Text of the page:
I got a pretty rusty tank with my CL175 and use 2 gallons of white vinegar too loosen it up. Waited a while and cycled water and gas through, avoiding flash rust for the most part. I closed the tank up and left it to sit empty while I get the rest of the bike ready. Today I went to check on the tank out of curiosity and the inside was covered in a black sooty stuff. I can wipe off some soot with my finger and it comes off on me, smelling sort of like gas and rust. The odd thing is that the inside of the tank smells sweet? now. Sort of like apple juice. I put it in the closet for about 20 minutes with the cap off and when I opened the door to the closet later, I was hit with this really strong sweet odor. So I have the tank sitting in a more open area now.

I'm wondering, what is the black stuff? I'm guessing I'm going to have to start the tank cleaning process over now..
 

I haven't been able to find anything online about the black stuff in my tank, nor the sweet smell. I imagine that the sweetness may be a remnant from the vinegar since I believe that it was made from apples. The black stuff however seems to be in the place of rust just... black. I am going to have to redo the tank clean-out and this time I want to do it correct. When I had finished I thought that I had only minor flash rust and then sealed the tank up. Is it bad to let the tank sit empty even if there's no water/moisture to cause further rust? *(the final rinse in the tank before sitting was about 5 or so rounds of gas swished through).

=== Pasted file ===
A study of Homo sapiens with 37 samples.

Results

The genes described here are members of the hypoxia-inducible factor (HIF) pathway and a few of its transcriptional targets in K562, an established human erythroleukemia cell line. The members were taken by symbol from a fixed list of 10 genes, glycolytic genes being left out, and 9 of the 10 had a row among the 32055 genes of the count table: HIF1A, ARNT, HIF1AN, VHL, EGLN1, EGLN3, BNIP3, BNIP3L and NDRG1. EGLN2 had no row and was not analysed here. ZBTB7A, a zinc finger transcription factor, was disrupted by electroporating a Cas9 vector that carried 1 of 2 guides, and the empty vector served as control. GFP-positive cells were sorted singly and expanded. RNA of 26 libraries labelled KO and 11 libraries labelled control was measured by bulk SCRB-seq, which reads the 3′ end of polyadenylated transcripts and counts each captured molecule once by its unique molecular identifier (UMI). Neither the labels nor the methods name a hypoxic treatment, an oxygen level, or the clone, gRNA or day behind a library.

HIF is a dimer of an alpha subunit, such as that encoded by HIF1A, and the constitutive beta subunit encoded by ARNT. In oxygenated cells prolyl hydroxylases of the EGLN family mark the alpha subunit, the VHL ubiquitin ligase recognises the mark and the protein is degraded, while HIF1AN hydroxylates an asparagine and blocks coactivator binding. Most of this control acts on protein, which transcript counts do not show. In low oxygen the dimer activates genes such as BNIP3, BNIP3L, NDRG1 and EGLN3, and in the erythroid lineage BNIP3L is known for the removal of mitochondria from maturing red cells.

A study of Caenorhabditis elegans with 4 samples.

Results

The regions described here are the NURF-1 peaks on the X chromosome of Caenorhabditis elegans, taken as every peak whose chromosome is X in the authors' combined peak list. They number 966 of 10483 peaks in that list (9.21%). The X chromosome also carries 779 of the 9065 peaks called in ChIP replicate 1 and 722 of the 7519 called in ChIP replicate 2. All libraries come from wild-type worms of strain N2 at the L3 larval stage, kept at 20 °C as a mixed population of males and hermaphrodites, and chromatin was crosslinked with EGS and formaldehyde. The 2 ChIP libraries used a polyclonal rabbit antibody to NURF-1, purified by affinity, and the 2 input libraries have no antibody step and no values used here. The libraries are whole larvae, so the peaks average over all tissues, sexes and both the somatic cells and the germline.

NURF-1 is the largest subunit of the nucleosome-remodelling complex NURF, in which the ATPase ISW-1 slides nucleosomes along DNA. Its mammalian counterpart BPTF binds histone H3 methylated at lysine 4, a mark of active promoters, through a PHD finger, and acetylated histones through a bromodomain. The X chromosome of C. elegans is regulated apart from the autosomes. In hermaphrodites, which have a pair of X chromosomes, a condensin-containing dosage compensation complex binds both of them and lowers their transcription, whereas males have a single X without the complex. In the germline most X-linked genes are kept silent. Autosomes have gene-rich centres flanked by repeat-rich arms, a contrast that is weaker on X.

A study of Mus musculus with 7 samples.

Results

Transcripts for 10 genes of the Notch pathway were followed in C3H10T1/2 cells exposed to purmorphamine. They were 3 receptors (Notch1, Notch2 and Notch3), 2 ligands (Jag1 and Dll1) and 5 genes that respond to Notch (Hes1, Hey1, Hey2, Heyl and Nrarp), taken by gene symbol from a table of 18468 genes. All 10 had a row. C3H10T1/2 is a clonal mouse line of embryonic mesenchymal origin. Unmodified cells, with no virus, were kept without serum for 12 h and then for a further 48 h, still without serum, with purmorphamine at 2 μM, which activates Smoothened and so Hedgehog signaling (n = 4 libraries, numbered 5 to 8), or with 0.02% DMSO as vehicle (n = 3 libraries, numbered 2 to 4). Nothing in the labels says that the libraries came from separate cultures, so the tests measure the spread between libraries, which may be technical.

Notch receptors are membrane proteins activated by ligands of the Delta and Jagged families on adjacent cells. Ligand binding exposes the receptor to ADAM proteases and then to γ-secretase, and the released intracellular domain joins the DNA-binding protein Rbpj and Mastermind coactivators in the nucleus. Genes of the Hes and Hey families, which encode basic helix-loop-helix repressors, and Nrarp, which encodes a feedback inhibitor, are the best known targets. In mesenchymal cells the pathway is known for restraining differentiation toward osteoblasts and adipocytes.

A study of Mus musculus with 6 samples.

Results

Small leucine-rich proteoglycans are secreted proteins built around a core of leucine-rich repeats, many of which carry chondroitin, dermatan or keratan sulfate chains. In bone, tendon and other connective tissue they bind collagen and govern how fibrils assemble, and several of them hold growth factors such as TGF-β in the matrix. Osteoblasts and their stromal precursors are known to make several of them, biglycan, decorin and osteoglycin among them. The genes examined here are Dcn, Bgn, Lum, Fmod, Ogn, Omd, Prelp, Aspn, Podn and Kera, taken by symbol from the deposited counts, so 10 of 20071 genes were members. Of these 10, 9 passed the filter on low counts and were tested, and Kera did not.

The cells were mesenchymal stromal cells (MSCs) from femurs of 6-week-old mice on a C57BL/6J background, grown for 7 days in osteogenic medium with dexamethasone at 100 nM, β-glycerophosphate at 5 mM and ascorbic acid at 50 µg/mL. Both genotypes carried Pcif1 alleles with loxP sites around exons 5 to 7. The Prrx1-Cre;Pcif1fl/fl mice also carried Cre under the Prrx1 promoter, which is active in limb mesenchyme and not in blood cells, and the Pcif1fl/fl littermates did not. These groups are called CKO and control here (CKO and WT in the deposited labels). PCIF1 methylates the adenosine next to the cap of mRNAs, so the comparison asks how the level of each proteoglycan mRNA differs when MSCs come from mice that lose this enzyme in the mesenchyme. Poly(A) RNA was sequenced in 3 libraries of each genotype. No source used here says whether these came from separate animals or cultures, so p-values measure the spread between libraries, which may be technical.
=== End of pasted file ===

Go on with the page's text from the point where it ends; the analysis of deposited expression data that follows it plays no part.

When I looked down in the tank, at the bottom I could see some glistening / moist looking black stuff as well. I assumed the moisture is gas. But the black stuff down there looked pretty plentiful. A LOT of rust came out when I cleaned my tank but I suppose there could be more sediment at the bottom. Still doesn't explain why it's black and chalky instead of orange and rusty tho...
 

 

Hey, thanks for the tip. I think I'll avoid using vinegar as it leads to the flash rust. Maybe I can use some cheap vodka instead (i'm serious). Shaking gas scares me and I've already got about 3 gallons that I don't know how to get rid of. I'll buy some 1" screws and get on that.
 


Edit: If you go the Marvel route, just slosh it around and make sure it coats everything, and repeat every few days until it's ready to be gassed back up. The oil doesn't need to be flushed before gas.